Don Feder


Last week, the ACLU filed a suit to have a Ten Commandments monument removed from the courthouse lawn in Vincennes, Ind. Such displays are a breach of the mythical wall separating church and state, according to our judicial law-givers.

In May, the Supreme Court declined to hear an appeal of a ruling holding a similar monument in Elkhart, Ind., unconstitutional. This statue has stood in front of Elkhart's city hall since 1958, when it was given to the community by the Fraternal Order of Eagles.

The ACLU set its sites on the Elkhart tablets when two locals decided they were unable to bear the psychic pain caused by its existence. One confessed that, while he rarely saw it: "I certainly know it's there. It offends me. I (gasp!) think about it."

The civil liberties group has its work cut our for it.

There are literally hundreds of such monuments across the country, most donated by the Eagles shortly after the premier of Cecil B. DeMille's epic. They were intended to emphasize the connection between our legal system and Mosaic law. Contrary to what some may believe, prohibitions against murder and perjury did not flow from the pen of Thomas Jefferson. They started at Sinai, and were transmitted to us via Christianity and English common law.

For the ACLU to be consistent, it must broaden its scope considerably. For roughly the first 170 years of our national existence, the Constitution was correctly understood to create no impediment to public acknowledgment of faith.

In consequence, tokens of insensitivity and exclusion litter the landscape, traumatizing unbelievers and threatening democracy.

Of course, there's "In G-d We Trust" on our currency. (I foresee an ACLU suit against the Treasury.) The slogan also is in the lyrics of our national anthem, the singing of which at public functions clearly expresses a government preference for monotheistic religion, as does the president taking his oath of office on a Bible.

The seat of our national government abounds in malignant minglings of church and state. The Supreme Court, which won't allow Elkhart to have its Decalogue, sits in a chamber decorated with a frieze of Moses carrying the Commandments.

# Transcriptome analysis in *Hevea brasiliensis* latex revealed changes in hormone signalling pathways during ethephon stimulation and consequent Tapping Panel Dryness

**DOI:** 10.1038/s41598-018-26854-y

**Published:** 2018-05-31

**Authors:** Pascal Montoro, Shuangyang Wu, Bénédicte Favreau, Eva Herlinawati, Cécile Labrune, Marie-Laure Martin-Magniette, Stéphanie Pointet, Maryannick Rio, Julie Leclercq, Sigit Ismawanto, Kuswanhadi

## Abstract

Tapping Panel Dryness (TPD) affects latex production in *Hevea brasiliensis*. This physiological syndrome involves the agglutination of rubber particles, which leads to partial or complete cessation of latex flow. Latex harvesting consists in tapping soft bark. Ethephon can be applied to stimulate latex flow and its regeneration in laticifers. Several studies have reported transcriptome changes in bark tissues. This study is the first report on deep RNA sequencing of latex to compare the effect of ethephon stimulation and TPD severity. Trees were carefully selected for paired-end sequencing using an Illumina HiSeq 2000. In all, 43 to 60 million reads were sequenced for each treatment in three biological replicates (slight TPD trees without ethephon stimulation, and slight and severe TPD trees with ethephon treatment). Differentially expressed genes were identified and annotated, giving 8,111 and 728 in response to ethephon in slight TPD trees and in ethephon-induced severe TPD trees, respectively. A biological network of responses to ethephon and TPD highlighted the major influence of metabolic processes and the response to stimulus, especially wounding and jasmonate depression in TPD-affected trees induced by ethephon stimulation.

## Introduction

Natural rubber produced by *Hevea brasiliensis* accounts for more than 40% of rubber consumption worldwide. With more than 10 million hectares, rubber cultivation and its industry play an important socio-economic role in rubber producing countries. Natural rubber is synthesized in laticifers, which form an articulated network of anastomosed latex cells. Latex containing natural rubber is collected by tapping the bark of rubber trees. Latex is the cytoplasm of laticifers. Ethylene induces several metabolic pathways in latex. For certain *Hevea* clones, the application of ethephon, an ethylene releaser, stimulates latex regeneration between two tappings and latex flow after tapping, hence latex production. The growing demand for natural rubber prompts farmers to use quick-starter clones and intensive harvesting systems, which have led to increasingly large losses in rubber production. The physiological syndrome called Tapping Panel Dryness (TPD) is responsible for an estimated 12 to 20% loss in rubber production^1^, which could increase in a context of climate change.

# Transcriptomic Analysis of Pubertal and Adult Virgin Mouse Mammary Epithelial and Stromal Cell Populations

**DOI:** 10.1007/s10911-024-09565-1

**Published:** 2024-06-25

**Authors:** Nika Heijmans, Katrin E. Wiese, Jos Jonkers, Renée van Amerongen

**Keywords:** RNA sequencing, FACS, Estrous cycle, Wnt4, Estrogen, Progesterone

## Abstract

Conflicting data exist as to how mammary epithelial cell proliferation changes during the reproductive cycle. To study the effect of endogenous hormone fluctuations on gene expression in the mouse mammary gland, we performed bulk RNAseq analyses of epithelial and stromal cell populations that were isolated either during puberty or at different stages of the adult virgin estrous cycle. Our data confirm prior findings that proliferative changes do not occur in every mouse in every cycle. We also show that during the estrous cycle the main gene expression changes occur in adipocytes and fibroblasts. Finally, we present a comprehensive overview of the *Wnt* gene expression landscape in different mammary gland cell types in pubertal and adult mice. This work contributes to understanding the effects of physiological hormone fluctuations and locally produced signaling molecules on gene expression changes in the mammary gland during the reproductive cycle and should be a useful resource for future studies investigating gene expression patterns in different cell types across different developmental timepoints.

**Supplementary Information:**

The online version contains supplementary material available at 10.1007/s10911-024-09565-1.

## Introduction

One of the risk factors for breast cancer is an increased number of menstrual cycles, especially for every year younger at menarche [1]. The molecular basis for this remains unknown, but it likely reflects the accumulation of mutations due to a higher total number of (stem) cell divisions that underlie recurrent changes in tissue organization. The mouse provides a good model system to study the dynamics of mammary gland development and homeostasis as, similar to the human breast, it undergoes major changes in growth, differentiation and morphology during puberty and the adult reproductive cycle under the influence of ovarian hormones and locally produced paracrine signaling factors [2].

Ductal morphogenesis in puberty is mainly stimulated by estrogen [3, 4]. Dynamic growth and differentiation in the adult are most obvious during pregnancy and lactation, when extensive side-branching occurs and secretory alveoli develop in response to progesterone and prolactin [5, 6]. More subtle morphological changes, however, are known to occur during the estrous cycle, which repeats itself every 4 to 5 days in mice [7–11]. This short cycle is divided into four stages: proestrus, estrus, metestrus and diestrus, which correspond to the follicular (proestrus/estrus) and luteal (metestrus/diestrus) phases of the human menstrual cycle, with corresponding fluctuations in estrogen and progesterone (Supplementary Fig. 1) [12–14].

David Barton of WallBuilders, a group dedicated to the rediscovery of our religious tradition, says a guide at the building once told him the prophet is pictured delivering the Bill of Rights. Maybe that's why the justices have such a hard time understanding it; most can't read Hebrew.

The Declaration of Independence (with its multiple references to the Deity) is displayed on public property, at the National Archives building.

In the House of Representatives, "In G-d We Trust" is engraved in the Speaker's rostrum. Moses is depicted in the House, as well.

Barton notes that fully 25 percent of the Capitol's statuary has a religious message, including a statue of Father Junipero Serra (called the Apostle of California) holding a cross and Marcus Witman, another missionary who helped open the Northwest to settlement, carrying a Bible.

The Rotunda has 14 foot by 20 foot paintings of the baptism of Pocahontas, the Pilgrims at prayer, and Christopher Columbus in the new world holding a cross and praying with his crew. Across from the Rotunda, the Congressional Chapel (the ACLU must shudder at the thought of goings on there) has a stained glass window showing Washington seeking Divine guidance. Etched into the glass is a line from Psalms 16:1.

At the White House, the mantlepiece in the State Dining Room is engraved with an invocation by John Adams. "I pray Heaven to bestow the best of blessings on this house and all that shall hereafter inhabit it." Thus all three branches of government are tainted by religion.

The ACLU's suit against the Vincennes' Ten Commandments was filed in Terre Haute, Ind. On Monday, Timothy McVeigh -- an agnostic who believed he was a law unto himself -- was executed there.

The mass murderer didn't get it. Neither does the ACLU. Are we really better off in a nation where the Ten Commandments are treated as a threat to orderly government, instead of its foundation?

JWR contributing columnist Don Feder's latest books are Who is afraid of the Religious Right? ($15.95) and A Jewish conservative looks at pagan America ($9.95). To receive an autographed copy, send a check or money order to: Don Feder, The Boston Herald, 1 Herald Sq., Boston, Mass. 02106. Doing so will help fund JWR, if so noted. He is also available as a guest speaker. To comment on this column please click here.